One night in Moscow a number of years ago, I exited a metro station to find myself pounced on by four wild dogs. Unfortunately (for you, dear reader) the rest of the story isn’t as good as the beginning. There was a lot of flailing and me yelling "sobaka!" Obviously, one should always try to speak to crazed feral dogs in their native language, but I had only taken one year of Russian at the time and the word for "dog" is the only one that came to mind at that moment, so I was just yelling "dog" at a dog. A group of homeless men sitting nearby found it hilarious. Eventually the dogs left me alone with only a small scratch and no bites. It could’ve been worse, but it wasn’t the high point of my summer.
I was reminded of that night at Tsvetnoy Bulvar this week by all the attention being focused on the stray dogs of Sochi. One apparently wandered onto the cross-country ski course during trial runs today, showing it was at least smart enough to avoid the biathlon. Hundreds of strays have apparently been killed around the Sochi area in the lead-up to the games, sparking complaints by animal rights groups and a campaign backed by oligarch Oleg Deripaska to move them to a shelter.
Local animal rights groups say many of the strays are pets who were abandoned by families whose homes were demolished to build Olympic venues. Vladimir Putin’s spokesman, Dmitry S. Peskov, blames the problem on construction workers building the venues who fed the dogs.
But stray dogs are hardly unusual in Russia. There are an estimated 35,000 just in Moscow, about one for every 300 people. Russia’s not unique in this regard—the World Health Organization estimates the global stray population at about 200 million—but Russian dogs seem to have a bit more cultural cachet than most, or at least get more press. For instance, one of the best-known satirical novels of the Soviet era—Mikhail Bulgakov’s Heart of a Dog—is narrated by a stray who takes on human form after being transplanted with human glands.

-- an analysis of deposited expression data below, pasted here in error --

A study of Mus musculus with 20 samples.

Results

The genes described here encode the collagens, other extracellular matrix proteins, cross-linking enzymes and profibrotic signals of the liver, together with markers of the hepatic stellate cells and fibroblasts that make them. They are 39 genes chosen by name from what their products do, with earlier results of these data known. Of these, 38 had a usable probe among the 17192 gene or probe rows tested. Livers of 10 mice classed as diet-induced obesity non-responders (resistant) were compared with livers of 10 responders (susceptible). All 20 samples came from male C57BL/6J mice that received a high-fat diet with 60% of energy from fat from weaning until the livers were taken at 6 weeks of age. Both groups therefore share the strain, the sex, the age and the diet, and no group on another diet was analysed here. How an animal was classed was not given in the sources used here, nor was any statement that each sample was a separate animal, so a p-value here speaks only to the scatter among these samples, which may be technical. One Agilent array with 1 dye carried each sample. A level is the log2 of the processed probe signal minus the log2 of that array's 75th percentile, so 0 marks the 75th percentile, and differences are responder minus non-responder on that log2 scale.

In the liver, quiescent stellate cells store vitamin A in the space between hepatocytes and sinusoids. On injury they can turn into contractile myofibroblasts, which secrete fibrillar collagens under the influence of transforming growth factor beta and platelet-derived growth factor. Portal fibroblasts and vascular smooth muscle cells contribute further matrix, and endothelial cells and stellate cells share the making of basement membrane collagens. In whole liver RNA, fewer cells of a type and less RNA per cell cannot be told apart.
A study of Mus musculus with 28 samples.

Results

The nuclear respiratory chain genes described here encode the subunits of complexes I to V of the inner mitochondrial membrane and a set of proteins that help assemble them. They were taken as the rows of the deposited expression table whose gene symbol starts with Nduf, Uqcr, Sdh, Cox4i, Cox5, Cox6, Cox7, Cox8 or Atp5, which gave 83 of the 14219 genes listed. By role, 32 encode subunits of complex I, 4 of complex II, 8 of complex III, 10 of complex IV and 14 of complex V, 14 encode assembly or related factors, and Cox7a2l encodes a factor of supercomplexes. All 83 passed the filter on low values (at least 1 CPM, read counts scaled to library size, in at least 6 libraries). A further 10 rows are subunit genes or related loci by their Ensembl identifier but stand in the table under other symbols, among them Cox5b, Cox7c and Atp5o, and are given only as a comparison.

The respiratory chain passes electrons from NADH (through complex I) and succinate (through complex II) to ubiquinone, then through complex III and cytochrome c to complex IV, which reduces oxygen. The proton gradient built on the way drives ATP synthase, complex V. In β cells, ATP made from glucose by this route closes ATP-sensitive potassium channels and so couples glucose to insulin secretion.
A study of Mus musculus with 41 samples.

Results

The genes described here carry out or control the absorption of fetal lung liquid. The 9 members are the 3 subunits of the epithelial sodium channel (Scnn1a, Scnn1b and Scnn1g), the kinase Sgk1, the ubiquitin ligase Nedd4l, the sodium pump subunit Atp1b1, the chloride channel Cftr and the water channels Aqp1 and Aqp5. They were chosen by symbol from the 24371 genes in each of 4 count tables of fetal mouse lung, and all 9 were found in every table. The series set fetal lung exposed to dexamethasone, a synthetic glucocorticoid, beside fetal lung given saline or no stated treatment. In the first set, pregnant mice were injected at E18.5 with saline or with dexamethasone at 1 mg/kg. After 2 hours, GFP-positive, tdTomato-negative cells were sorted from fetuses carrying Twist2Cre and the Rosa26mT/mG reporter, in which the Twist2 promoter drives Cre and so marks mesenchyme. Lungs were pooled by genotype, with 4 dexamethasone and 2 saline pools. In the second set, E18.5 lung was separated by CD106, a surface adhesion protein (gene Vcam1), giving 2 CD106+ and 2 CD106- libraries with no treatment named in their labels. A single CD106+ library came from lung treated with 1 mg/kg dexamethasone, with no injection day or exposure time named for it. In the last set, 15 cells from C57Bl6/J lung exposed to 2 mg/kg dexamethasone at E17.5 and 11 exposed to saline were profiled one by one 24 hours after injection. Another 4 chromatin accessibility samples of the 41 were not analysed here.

Recently, a group of Moscow strays who have learned to use the city’s metro system have become internationally famous.
Then there’s the odd case of Malchik, a black stray who made his home in the Mendeleyevskaya metro station, who was stabbed to death a few years ago by a fashion model after he barked at her Staffordshire terrier. A bronze statue of Malchik, which means "boy," was erected in the station in his honor.
Official estimates in 2010 put the number of people attacked by dogs in Moscow at 20,000. In the Soviet era, authorities used to simply kill them, but today—officially at least—they’re supposed to be neutered or spayed and placed in shelters. A large part of the problem is apparently that neutering remains uncommon among Russian pet owners.
I certainly don’t want to stereotype all Russian strays—the vast majority are harmless, and I’ve known some adopted ones who were lovely—but based on my limited experience I’d say it’s a good idea to give them a wide berth on the streets.
Also, for what it’s worth, if you are actually threatened by a dog, the Humane Society says you should do basically the opposite of what I did.
Update, Feb. 6: And how could I forget to mention pioneering cosmonaut Laika, the most famous Russian stray of them all.